Given the Toyota Tacoma’s already-sporty demeanor, I was intrigued when Toyota recently introduced a TRD accessory lift kit for its popular midsize pickup.
According to Toyota’s press release, the kit provides 2 inches of lift up front with 1 inch of lift in the rear. It comes with “TRD-tuned” Bilstein monotube shocks and is the only lift validated by TRD engineers to be compatible with Toyota Safety Sense, which basically means “since it comes from us, it’s the only lift that we can guarantee won’t screw up any of the truck’s active safety systems.”
The kit includes the grille and Toyota Safety Sense “millimeter wave sensor” from the Tacoma TRD Pro, for reasons we’ll get to below.
Buried within Toyota’s press release for the Tacoma’s new TRD lift kit though is this line: “Also included are two matching black bezels that fill in the deleted fog lamps and complement the TRD Pro-style grille.”
Deleted fog lamps? You read that right. I reached out to Toyota for clarification, and according to the company, “For this kit, the fog lamps are removed. This is due to laws in some states where fog lamps are not legal when aimed upward at a certain angle.”
So basically what’s going on here is that a vehicle’s fog lights are set up to emit light from a certain height relative to the vehicle’s ride height. Up to this point, the only Tacoma with fog lights and a different ride height than a regular V6 4×4 model is the TRD Pro, which sits at the same ride height as a Tacoma will with this new lift kit, and eschews the regular fog lights in favor of Rigid Industries units.
Looking back, these Rigid Industries lights were likely included in part because putting in different fog lights gave Toyota an opportunity to correct any issues with the angle of the lights, given the TRD Pro’s taller ride height.
Regarding that TRD Pro grille that’s included with the TRD accessory lift kit, its “millimeter wave sensor” is positioned lower to account for the added ride height of the TRD Pro, which again, matches the ride height of a Tacoma with this new lift, so the installation of this grille means everything meshes from a geometry standpoint when it comes to the truck’s active safety systems.
Back to the lighting. Since Toyota probably didn’t want to include the more expensive Rigid Industries units with this kit, they were left with these options if they wanted to offer a lift kit that’s 50-state legal:
- Offer a lift kit, but remove the fog lights to ensure compliance
- Offer a lift kit, and make re-angling the factory fog lights part of the installation process
Regarding number 2 — who knows if this is even possible given the design of the parts involved, and if so, it would likely be difficult for a dealership technician to get perfectly right. So Toyota instead went with option one, which includes the ridiculous technicality that the truck’s fog lights be removed.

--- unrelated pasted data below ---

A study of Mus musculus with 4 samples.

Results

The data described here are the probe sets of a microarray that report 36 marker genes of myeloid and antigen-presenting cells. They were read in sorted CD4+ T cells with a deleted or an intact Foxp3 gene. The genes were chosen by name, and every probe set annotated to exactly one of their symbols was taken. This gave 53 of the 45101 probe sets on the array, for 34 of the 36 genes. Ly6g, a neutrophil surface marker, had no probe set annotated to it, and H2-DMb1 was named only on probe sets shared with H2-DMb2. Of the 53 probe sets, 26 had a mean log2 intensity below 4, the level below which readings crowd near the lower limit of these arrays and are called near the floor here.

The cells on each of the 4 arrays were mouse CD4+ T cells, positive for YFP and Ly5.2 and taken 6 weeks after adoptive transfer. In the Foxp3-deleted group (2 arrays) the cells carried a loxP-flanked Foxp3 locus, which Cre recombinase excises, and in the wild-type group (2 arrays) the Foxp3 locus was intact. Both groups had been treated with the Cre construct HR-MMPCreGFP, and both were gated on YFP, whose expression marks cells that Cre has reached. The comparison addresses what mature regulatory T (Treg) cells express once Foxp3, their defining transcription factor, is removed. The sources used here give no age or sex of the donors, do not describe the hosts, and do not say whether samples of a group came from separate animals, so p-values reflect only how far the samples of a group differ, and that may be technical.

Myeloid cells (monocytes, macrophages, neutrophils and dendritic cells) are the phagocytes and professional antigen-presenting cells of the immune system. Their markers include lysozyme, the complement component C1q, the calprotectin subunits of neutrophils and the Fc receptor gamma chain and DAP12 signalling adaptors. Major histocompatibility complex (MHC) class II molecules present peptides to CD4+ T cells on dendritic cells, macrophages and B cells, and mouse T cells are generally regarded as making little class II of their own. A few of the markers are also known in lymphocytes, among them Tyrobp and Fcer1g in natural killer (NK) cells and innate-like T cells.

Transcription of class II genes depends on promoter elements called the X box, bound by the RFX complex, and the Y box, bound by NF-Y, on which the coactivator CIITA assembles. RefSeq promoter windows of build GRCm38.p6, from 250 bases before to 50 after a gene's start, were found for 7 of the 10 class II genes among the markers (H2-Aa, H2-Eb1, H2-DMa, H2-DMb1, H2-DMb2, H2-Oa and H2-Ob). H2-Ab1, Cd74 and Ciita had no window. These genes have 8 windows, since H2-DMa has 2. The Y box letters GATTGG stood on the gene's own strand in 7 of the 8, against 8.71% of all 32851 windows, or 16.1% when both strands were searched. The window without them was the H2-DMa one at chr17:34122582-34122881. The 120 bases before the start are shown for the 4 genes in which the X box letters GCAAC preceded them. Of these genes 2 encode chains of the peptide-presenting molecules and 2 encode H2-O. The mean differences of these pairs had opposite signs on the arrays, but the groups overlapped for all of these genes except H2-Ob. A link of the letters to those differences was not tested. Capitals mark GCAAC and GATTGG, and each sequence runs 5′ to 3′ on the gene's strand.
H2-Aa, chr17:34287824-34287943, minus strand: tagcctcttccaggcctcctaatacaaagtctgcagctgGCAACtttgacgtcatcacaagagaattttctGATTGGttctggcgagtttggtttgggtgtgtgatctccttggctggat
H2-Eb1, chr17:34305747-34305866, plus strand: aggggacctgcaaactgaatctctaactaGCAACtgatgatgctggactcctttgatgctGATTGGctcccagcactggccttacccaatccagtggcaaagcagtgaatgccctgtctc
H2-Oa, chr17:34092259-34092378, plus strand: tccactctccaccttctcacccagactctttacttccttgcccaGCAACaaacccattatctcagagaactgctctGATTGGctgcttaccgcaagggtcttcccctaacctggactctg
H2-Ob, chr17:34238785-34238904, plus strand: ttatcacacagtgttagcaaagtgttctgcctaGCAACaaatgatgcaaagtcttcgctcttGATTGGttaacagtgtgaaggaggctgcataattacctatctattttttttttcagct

What’s particularly silly and frustrating here is that virtually none of the dozens of lifted trucks you see on the road on any given day have had their fog lights re-angled; you can bet on that. Is it technically legal for the vehicle to be driving around like this? In some states it sounds like it isn’t, but it falls into that gray area of things that aren’t actively policed.
Where Toyota runs into an issue, though, is in the fact that it’s a manufacturer. This means it must comply with DOT standards and would be liable were it to sell trucks fitted with lighting that isn’t compliant
Also frustrating? The Ford Ranger Tremor gains 0.8 inches of ride height — admittedly a little less than the Tacoma here — and gets to keep its fog lights.
In conclusion, if you want a Tacoma with the new TRD lift kit, Toyota’s install instructions will dictate that the fog lights be removed. Now here’s the thing — I don’t think individual dealers that install these kits will be obligated to remove the fog lights when doing so.
In fact, I’m curious to see how many dealers that add this kit to Tacomas they sell will just leave the fog lights in. My guess is many, if not most. In other words, keeping the fogs may just mean buying from an independently operated Toyota dealership that’s willing to install the lift without touching the lighting.
Alternatively, if you want this lift kit and live in one of these states where fog lamps are in fact not legal when aimed upward at a certain angle, you could install a set of Tacoma TRD Pro fog lights, which will be angled properly in their factory spec. If it were me, I’d do everything I could to avoid losing my fog lights. Find a Toyota Tacoma for sale
Chris O’Neill grew up in the rust belt and now lives in Salt Lake City, Utah. He worked in the auto industry for a while, helping Germans design cars for Americans. Find him on YouTube and on Instagram.